That's right - the condition of the fridge and freezer was so embarrassing
that posting this "photo" of a blue square was less embarrassing by comparison.
Well, lookie at it now!
|Pressed'n sealed like a boss.|
I'm not going to lie to you. This was an ordeal. HOURS, people. This took hours. But it was worth it.
Ok, let's get down to brass tacks. You have a Job of Damocles™ somewhere in your home that you are putting off because it is "too big" and it makes your head hurt.
YOU CAN STILL DO IT. That's right: You can haz a freedom to do it. And no matter what that job is, it will only take four steps. FOUR.
ProTip: Don't start organizing the items as you remove them. That's a professional procrastinator's distraction tool (or so I've heard.) Just put them someplace where you won't trip on them and the cats won't sit on them.
CLEAN. Use whatever tools or products you prefer to clean that beautifully-clear space. There are no magic potions, so use what you have or whatever appeals to you at the store.
ProTip: Seriously, use whatever. For 90% of my household cleaning I use vinegar and Magic Eraser®. For the other 10% I use something in a can or bottle that probably would kill us all if I used it for 11% or more of the cleaning.
EDIT. When you're done cleaning, turn around and look at all the stuff you took off or out of your space, and pretend that these things do not belong to you. :) If you were standing in your friend's kitchen/closet/other Space of Damocles™, what would you suggest keeping? What would you suggest giving away/throwing away/storing somewhere else? Be kind but honest - you aren't doing your friend any favors by sugar coating it. Then whatever you told your friend to do, do that.
ProTip: For this step we are working under to the William Morris code of conduct: “Have nothing in your house that you do not know to be useful, or believe to be beautiful”. This means you can legally let go of things that have unpleasant memories attached to them, were expensive but remain unused, are gifts that do not suit you, or that have no purpose beyond "someday". No guilt, no judgement.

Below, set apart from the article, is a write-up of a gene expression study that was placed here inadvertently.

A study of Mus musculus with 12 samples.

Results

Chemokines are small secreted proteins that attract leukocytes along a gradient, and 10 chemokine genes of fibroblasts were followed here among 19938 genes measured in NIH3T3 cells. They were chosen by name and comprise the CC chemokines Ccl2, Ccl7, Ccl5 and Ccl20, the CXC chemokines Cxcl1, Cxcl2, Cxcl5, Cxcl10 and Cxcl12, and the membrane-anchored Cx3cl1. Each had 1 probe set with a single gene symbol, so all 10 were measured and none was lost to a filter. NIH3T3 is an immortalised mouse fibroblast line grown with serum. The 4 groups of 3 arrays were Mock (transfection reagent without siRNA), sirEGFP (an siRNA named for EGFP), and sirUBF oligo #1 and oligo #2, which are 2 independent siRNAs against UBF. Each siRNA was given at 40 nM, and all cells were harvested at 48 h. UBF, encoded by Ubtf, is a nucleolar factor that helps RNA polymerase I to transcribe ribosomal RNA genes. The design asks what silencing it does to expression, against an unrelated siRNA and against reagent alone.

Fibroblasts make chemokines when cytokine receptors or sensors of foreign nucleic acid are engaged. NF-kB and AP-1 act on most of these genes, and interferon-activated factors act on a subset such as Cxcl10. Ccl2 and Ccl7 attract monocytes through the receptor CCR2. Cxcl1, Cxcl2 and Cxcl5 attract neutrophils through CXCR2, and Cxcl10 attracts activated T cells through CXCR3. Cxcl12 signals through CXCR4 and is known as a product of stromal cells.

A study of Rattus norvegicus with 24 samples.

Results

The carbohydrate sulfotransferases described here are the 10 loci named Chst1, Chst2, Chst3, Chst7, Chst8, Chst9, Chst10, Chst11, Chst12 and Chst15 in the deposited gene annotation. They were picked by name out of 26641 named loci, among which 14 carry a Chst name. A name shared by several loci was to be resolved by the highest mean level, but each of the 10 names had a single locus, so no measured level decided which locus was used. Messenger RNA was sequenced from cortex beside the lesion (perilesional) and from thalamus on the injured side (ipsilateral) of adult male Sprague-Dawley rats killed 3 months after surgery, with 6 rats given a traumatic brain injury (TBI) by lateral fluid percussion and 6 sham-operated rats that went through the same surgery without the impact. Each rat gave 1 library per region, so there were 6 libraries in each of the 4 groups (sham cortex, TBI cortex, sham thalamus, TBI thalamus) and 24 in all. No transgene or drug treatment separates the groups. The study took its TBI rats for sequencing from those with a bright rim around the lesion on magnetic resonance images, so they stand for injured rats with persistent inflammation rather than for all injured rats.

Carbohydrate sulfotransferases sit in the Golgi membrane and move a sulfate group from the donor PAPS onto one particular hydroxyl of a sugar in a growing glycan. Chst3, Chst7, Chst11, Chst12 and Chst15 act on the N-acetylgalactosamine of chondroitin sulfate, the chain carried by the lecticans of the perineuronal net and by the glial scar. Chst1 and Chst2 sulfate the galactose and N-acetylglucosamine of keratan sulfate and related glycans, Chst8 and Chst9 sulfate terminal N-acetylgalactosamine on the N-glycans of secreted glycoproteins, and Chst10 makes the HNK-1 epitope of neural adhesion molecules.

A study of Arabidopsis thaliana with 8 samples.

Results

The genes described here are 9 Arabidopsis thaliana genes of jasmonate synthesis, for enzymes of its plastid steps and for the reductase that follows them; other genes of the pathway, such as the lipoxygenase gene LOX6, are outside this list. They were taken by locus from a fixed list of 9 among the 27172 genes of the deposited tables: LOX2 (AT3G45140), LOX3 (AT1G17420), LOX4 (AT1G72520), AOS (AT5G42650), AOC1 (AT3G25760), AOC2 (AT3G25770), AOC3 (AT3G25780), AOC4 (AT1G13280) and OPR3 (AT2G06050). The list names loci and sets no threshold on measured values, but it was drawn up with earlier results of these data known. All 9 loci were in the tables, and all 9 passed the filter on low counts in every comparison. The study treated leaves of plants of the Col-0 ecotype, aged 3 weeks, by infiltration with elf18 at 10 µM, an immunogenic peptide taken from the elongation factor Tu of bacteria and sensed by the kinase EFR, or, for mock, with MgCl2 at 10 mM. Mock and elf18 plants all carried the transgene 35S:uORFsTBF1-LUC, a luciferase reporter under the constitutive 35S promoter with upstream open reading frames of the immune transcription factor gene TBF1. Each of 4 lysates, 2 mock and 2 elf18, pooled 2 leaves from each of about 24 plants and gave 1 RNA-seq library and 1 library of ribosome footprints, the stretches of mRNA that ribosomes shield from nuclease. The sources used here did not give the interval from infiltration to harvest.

RESTORE. Kudos! The hard part is over. All that's left is to put the remaining items where they belong, then take a picture for Facebooking purposes.
ProTip: You are not a mere housekeeping automaton. You are a homemaking artiste, with ideas and aesthetics. Arrange your space so that when you look at it, you will say to yourself, "Why yes, all the things are where they please me, and I am proud of myself for doing this."
Bonus: “Honey, where are my paaaaaaants?” If you took the initiative to declutter someone else's space (bless your heart), you are going to hear a version of this question at least once from said someone else. Heed my warning: Do not, under any circumstances, give away or throw out said someone else's things. Put them in a box, date the box and put it somewhere safe, but don't tell said someone else about the box. When said someone else asks the dreaded "Where is my XYZ???", be a hero and retrieve the item. In six months or a year, whatever is left is clearly unneeded, unwanted, unmissed. At that point you can safely delete the remaining items from your home without melodrama or police action.